Play is the most natural way for children to learn, to grow and to feel that they belong to a safe world. However, in order to be adventurous, to explore, and get curious about new things, a child needs to feel safe that he/she can make mistakes; that the adults around them have a flexible – enough mind to handle anything and everything.
So much depends on our ability to play, as adults, or better yet, to be playful.
Here’s what the experts say:
“Play is its own reward, and is deeply satisfying to your child. It is no trivial pursuit, however. It builds your child’s intellect, judgement, strength, coordination, and character. In fact, play is so vital to children’s development that the United Nations Commission on Human Rights has declared it an inalienable right.” ( LISTEN, book by Patty Wipfler & Tosha Schore)
“If we don’t play, we miss out on more than fun. Play is where children show us the inner feelings and experiences that they can’t or won’t talk about. We need to hear what they have to say, and they need to share it. That’s why we need to join children where they live, on their terms. Children don’t say , “I had a hard day in school today; can I talk to you about it? “. They say, ‘Will you play with me?”. If we say yes, they play out what happened in the best way they know how. Or they don’t say anything, needing us to take the initiative. By the end of the game, we may have helped them boost their confidence and their inner feeling of being loved – just what they need to go back to school and solve the problem themselves. If they don’t think we will play, they may not even ask. They will go about their business, and we will go about ours, and we will all miss chance and chance to reconnect.” (PLAYFUL PARENTING, book by Lawrence J. Cohen, PhD)
If you forgot how to play, it is not your fault.
A very long time ago, when you were a child yourself, you needed to silence that part of you to survive, to feel safe, to protect yourself. You had to grow up really fast, before you were ready. Most adults who stopped playing as children, did so because (this list can be much longer):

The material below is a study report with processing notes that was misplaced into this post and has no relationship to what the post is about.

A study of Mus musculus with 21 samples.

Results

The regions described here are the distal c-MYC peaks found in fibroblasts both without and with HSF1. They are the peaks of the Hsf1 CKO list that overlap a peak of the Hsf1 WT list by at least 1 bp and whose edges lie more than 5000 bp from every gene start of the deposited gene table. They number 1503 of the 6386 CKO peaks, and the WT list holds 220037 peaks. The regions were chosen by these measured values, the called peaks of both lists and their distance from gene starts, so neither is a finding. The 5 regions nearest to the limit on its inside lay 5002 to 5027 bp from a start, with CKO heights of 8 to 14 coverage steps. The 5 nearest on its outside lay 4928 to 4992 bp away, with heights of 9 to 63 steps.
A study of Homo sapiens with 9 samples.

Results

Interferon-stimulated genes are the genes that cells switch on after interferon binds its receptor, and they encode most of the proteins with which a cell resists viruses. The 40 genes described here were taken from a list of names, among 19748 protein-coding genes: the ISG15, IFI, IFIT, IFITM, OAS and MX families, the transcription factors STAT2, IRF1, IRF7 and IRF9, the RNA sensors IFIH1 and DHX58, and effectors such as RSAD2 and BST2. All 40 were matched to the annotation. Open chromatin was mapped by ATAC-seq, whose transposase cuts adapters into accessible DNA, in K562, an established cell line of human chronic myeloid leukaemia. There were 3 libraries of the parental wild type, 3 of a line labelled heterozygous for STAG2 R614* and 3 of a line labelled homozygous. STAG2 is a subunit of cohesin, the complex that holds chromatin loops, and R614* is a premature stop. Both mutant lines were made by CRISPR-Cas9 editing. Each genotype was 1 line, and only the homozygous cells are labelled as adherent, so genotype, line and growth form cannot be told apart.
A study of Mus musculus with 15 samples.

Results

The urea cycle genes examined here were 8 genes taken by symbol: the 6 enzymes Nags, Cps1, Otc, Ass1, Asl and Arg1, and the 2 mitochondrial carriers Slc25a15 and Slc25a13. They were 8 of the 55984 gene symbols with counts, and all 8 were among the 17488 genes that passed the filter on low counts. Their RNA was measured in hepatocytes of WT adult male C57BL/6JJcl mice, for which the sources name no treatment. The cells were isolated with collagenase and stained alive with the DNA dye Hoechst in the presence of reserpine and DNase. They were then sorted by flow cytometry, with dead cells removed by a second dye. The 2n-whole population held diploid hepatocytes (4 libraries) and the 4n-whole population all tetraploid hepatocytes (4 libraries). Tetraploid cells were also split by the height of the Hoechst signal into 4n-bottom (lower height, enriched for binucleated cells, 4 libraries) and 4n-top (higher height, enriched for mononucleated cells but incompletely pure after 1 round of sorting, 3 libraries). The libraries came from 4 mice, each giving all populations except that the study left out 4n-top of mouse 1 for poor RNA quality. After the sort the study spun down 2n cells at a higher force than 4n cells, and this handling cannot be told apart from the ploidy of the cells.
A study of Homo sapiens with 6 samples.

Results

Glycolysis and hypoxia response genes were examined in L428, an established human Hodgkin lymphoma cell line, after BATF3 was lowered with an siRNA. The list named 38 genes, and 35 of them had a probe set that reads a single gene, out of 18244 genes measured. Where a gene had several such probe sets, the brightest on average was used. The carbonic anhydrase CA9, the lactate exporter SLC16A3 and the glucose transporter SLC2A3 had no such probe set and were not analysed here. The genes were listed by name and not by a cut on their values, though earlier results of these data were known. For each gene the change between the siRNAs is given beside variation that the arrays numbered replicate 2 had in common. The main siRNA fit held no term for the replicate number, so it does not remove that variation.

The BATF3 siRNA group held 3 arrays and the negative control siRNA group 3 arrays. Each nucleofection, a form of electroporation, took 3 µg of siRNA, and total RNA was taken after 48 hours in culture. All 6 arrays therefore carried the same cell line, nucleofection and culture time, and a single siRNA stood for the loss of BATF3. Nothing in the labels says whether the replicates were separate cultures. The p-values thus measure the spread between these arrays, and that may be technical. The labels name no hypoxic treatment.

- they had a depressed/ anxious / substance or alcohol dependent parent, or both;
- they had a parent with a severe illness, or mental health diagnosis;
- they had a high conflict home environment;
- they endured abuse (physical, sexual, psychological);
- they had a narcissistic parent, or both;
- they moved around a lot;
- they were shamed when they made a mistake;
- they were constantly compared to their siblings or other kids;
- they had divorced parents who were high- conflict post- divorce.
What can you do now?
- start exploring why you can’t play, with a coach or a therapist;
- consider taking the STARTER CLASS ONLINE (6 weeks) from Hand in Hand Parenting; check availability on their website;
- consider enrolling in my CONSCIOUS PARENT ACCELERATOR PROGRAM;
- read the 2 books I mentioned above;
- work with me 1:1.
Nobody can go from “I forgot how to play” to being a playful parent overnight, without help. I was lucky to have amazing mentors when I did my Hand in Hand Parenting certification training ( 1 year long) and with their help, I worked constantly on developing my ability to show up as a playful & flexible parent. I have infinite gratitude to Hand in Hand Parenting.
Please, remember – children cannot be “commanded” to trust us. TRUST is everything in relationships, and kids are no different. Trust comes from safety; safety comes from connection; connection requires a flexible, present and self-regulated adult.
What is your relationship to being playful with your children? Do you feel playful as an adult? Do you have a hard time playing, and being silly? Do you have a hard time to let go of control when playing? DM-me, message me, let me know.